Azerbaijan organizes foreign journalists’ trip to liberated Jojug Marjanli

Azerbaijan organizes foreign journalists’ trip to liberated Jojug Marjanli
  • Clock-gray 08:15
  • calendar-gray 07 February 2017

Azerbaijan’s Ministry of Foreign Affairs and the State Committee for Affairs of Refugees and IDPs have jointly organized a trip for representatives of foreign media outlets to the liberated Jojug Marjanli village of the Jabrayil District.


The visit was organized in accordance with Azerbaijani President Ilham Aliyev’s order on measures to restore the Jojug Marjanli village, liberated from the Armenian occupation, Hikmat Hajiyev, spokesman for Azerbaijan’s Foreign Ministry, told APA on Tuesday.


The trip is attended by a group of nearly 30 people, including the representatives of Associated Press, Reuters news agencies, Turkish TRT channel, Anadolu news agency, Iranian media outlets operating in Azerbaijan, Russian press agencies, RIA Novosti, Interfax, etc.


During the trip, the media representatives will view the demining work underway in Jojug Marjanli and get information about the work done and planned activities.


On 24 January 2017, President Ilham Aliyev signed an order on measures to restore the Jabrayil District’s Jojug Marjanli village, liberated from the Armenian occupation.


The State Committee of Azerbaijan for Affairs of Refugees and IDPs will receive 4 million manats from the Presidential Reserve Fund for 2017 for construction of 50 houses, a school building and the relevant infrastructure at the first stage, according to the order.


The Nagorno-Karabakh conflict entered its modern phase when the Armenian SRR made territorial claims against the Azerbaijani SSR in 1988.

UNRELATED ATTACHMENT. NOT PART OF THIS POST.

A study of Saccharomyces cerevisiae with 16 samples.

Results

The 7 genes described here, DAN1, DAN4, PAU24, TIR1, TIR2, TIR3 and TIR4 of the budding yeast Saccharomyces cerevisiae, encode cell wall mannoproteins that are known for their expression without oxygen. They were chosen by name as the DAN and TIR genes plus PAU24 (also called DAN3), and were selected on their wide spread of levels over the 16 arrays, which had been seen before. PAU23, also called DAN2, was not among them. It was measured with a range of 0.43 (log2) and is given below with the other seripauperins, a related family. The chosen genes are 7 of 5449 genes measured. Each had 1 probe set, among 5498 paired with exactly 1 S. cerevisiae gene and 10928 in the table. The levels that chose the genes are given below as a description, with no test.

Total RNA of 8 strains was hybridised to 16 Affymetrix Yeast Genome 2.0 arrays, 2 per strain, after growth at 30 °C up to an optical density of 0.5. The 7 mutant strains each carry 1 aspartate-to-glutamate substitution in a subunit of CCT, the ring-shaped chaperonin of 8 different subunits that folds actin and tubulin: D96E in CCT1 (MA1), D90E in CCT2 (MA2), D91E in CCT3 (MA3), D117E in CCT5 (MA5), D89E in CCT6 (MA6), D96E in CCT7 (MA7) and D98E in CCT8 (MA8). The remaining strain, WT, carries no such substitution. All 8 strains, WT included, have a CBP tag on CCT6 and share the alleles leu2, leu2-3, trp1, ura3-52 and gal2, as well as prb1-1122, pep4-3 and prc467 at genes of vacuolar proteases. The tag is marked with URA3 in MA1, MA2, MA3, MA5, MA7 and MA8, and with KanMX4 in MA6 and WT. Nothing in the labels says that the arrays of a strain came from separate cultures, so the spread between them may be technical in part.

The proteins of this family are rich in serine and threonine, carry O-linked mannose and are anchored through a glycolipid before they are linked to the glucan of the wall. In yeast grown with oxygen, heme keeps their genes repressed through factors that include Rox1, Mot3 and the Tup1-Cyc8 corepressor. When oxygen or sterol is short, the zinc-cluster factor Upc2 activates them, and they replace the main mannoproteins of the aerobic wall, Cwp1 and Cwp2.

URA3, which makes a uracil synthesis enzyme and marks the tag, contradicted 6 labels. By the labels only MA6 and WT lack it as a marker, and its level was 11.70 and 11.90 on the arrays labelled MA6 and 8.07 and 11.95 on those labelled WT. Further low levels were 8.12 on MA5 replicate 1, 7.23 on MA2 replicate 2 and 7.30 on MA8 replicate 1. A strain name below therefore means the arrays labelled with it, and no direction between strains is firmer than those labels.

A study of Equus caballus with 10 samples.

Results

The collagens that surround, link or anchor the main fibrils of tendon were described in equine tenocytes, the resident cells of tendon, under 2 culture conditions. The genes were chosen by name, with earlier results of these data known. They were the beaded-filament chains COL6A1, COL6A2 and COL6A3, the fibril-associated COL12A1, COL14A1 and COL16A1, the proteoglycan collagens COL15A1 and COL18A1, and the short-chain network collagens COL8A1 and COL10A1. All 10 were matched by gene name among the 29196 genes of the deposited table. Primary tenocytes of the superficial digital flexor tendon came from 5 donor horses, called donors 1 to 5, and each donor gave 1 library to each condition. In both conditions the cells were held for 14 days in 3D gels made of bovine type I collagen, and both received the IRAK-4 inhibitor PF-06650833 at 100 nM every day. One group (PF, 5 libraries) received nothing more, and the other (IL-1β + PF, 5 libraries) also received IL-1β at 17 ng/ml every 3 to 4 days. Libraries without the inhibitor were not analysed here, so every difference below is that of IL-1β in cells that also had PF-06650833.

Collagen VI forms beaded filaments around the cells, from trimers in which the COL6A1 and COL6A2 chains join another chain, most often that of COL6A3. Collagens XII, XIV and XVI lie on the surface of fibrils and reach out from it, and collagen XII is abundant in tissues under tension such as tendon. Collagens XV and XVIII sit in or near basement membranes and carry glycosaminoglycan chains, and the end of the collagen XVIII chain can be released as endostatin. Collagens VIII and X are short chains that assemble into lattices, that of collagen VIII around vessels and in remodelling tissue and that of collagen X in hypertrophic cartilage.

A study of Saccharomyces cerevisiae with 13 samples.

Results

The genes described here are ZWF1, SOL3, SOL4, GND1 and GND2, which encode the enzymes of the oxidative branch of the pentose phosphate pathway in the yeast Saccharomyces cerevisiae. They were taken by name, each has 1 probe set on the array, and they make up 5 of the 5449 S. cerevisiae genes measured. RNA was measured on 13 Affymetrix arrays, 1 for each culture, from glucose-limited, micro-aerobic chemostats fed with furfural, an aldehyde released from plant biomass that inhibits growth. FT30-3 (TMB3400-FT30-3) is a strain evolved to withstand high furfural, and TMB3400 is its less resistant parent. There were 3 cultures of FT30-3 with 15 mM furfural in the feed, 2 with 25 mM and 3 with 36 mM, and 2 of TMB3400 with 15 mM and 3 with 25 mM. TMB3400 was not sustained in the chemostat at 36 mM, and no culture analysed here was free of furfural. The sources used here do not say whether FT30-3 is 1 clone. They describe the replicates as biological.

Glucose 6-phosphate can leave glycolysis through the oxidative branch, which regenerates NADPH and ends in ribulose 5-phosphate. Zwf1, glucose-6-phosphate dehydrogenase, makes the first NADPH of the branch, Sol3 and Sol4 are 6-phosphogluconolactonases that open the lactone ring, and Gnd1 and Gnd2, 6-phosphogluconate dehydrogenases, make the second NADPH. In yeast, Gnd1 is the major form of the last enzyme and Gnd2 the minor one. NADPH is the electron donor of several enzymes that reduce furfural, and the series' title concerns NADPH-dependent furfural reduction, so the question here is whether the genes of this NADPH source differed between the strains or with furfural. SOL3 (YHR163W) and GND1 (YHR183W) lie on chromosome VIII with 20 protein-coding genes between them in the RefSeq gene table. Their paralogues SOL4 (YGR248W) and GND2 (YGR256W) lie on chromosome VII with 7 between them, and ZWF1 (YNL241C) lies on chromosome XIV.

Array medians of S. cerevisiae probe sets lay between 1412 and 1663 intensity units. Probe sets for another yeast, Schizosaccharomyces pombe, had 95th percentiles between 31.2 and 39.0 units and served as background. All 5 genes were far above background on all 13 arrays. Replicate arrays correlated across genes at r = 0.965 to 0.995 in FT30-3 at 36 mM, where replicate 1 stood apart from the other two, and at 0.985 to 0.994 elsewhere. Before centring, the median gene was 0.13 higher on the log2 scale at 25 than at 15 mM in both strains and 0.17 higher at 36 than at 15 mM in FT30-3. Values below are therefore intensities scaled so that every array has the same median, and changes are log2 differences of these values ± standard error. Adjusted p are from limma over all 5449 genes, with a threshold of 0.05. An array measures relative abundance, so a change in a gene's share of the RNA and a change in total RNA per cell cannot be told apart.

A fierce war broke out between Azerbaijan and Armenia over the Nagorno-Karabakh region of Azerbaijan. As a result of the war, Armenian armed forces occupied some 20 percent of Azerbaijani territory which includes Nagorno-Karabakh and seven adjacent districts (Lachin, Kalbajar, Aghdam, Fuzuli, Jabrayil, Gubadli and Zangilan), and over a million Azerbaijanis became refugees and internally displaced people.


The military operations finally came to an end when Azerbaijan and Armenia signed a ceasefire agreement in Bishkek in 1994.


Dealing with the settlement of the Nagorno-Karabakh conflict is the OSCE Minsk Group, which was created after the meeting of the CSCE (OSCE after the Budapest summit held in Dec.1994) Ministerial Council in Helsinki on 24 March 1992. The Group’s members include Azerbaijan, Armenia, Russia, the United States, France, Italy, Germany, Turkey, Belarus, Finland and Sweden.


Besides, the OSCE Minsk Group has a co-chairmanship institution, comprised of Russian, the US and French co-chairs, which began operating in 1996.  


Resolutions 822, 853, 874 and 884 of the UN Security Council, which were passed in short intervals in 1993, and other resolutions adopted by the UN General Assembly, PACE, OSCE, OIC, and other organizations require Armenia to unconditionally withdraw its troops from Nagorno-Karabakh.